The United States published more AI-based radiology studies than any other country across the globe, according to a new analysis released Aug. 15 in the American Journal of Roentgenology.
In fact, the U.S. is responsible for nearly half of all total radiology AI studies, wrote Elizabeth West, with Columbia University Medical Center’s New York Presbyterian Hospital, and colleagues.
“There has been an exponential growth worldwide in AI radiology research, led by the United States, which produces almost half of global AI research,” the authors added. “With such strong support for AI radiology research, the United States is home to the three institutions of highest publication productivity.”
The team searched a comprehensive central database using a number of radiology-specific AI search terms such as: “AI,” “CNN,” and “neural network” published between 2000 and 2018. A statistical software program performed linear and nonlinear regression analyses to compare different country’s publishing outputs. In total, the analyses produced 8,813 publications.
Of the top 12 most productive countries, the U.S. was by far the leader in publications, accounting for about 35 to 50% of total AI-based radiology research. China, Germany, the United Kingdom, Canada and Japan were also among the top publishing countries. The authors pointed out that China contributed 18% of the total output in 2018, making it a growing competitor to the U.S.
“China's ability to exponentially increase productivity is likely due to the country's unique research infrastructure,” the team wrote. “The availability of large centralized data and rapid implementation across commercial industries have already helped the nation become very productive in AI research in a short period. In addition, Chinese government directives and funding for the advancement of AI have generated an incredible mobilization in research and development among Chinese researchers.”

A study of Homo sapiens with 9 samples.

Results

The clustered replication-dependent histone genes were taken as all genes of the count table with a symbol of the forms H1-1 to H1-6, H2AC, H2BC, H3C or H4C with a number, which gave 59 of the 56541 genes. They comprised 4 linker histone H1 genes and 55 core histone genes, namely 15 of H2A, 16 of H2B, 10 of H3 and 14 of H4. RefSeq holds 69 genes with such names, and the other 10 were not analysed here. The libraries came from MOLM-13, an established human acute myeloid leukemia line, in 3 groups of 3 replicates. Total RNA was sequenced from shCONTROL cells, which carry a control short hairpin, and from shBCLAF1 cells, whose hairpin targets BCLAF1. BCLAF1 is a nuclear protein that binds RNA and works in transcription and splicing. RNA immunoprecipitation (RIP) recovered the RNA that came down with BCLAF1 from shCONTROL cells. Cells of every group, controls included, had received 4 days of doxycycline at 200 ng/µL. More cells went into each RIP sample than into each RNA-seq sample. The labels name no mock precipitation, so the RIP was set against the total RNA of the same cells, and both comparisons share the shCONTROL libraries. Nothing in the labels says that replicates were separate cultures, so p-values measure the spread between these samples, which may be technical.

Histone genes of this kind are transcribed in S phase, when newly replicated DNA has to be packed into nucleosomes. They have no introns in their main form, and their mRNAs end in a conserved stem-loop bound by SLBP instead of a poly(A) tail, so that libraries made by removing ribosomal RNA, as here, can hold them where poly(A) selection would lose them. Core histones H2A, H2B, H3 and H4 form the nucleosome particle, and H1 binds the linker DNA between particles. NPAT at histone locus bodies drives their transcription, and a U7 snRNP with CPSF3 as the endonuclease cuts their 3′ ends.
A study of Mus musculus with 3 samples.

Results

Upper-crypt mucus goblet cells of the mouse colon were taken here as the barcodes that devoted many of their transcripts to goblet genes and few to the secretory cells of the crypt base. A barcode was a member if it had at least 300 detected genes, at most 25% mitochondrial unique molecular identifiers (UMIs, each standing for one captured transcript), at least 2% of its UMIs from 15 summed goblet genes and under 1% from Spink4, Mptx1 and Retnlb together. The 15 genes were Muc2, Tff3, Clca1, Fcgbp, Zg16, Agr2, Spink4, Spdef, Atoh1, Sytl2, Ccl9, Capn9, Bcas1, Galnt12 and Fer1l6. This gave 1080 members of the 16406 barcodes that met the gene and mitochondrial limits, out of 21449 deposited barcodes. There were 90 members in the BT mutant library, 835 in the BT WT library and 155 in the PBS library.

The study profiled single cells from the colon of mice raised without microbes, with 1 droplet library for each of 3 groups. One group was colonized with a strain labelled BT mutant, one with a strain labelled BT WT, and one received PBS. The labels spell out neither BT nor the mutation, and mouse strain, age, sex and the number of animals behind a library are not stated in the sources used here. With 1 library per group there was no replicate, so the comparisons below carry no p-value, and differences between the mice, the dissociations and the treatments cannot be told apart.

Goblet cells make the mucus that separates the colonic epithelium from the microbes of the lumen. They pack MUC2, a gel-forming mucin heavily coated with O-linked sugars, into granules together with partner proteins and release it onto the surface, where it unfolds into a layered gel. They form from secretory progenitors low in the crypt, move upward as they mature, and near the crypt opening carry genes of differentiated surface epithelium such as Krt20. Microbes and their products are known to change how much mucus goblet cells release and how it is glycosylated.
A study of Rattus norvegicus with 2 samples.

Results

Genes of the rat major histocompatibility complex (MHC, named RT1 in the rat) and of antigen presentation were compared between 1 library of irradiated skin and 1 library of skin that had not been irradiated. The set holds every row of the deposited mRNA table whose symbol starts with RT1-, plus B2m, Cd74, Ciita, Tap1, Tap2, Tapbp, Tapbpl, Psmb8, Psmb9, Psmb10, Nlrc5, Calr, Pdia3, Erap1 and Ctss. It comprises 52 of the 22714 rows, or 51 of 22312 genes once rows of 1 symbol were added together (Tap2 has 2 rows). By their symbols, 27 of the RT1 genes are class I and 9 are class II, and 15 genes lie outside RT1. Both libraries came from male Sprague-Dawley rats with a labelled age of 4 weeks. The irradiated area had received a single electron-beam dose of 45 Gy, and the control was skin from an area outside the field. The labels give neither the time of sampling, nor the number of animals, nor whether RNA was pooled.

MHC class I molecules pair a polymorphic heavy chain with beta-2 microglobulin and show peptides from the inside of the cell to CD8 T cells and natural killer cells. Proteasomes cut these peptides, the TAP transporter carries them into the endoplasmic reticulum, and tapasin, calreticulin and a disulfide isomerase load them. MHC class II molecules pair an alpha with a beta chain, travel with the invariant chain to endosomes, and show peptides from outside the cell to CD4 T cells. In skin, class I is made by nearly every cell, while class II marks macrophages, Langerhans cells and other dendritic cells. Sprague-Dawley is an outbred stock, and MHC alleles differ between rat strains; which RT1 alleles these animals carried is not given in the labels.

Studies need money to be published. The authors found the top countries that funded AI publications were the U.S. (16.5%), China (3.6%), the UK (1.5%) and Canada (0.6%). In the U.S., the National Institutes of Health, National Cancer Institute and National Science Foundation poured the most money into AI research.
Broken down by subspecialty, neuroradiology (24.4%) led the pack. Chest and body (20.7%), nuclear medicine (13%) and breast imaging (12%) followed close behind.
“This is not surprising, given that neuroradiology is a unique subspecialty of acuity, where ‘time is brain’ for stroke evaluation demands fast and accurate diagnoses suitable for AI applications,” West and colleagues wrote.
Limitations of the study included a “likely underestimation” of total AI research productivity and the fact that the analysis did not account for the quality of publications.
Going forward, the researchers believe the U.S can be successful if the government continues to prioritize and fund AI radiology research.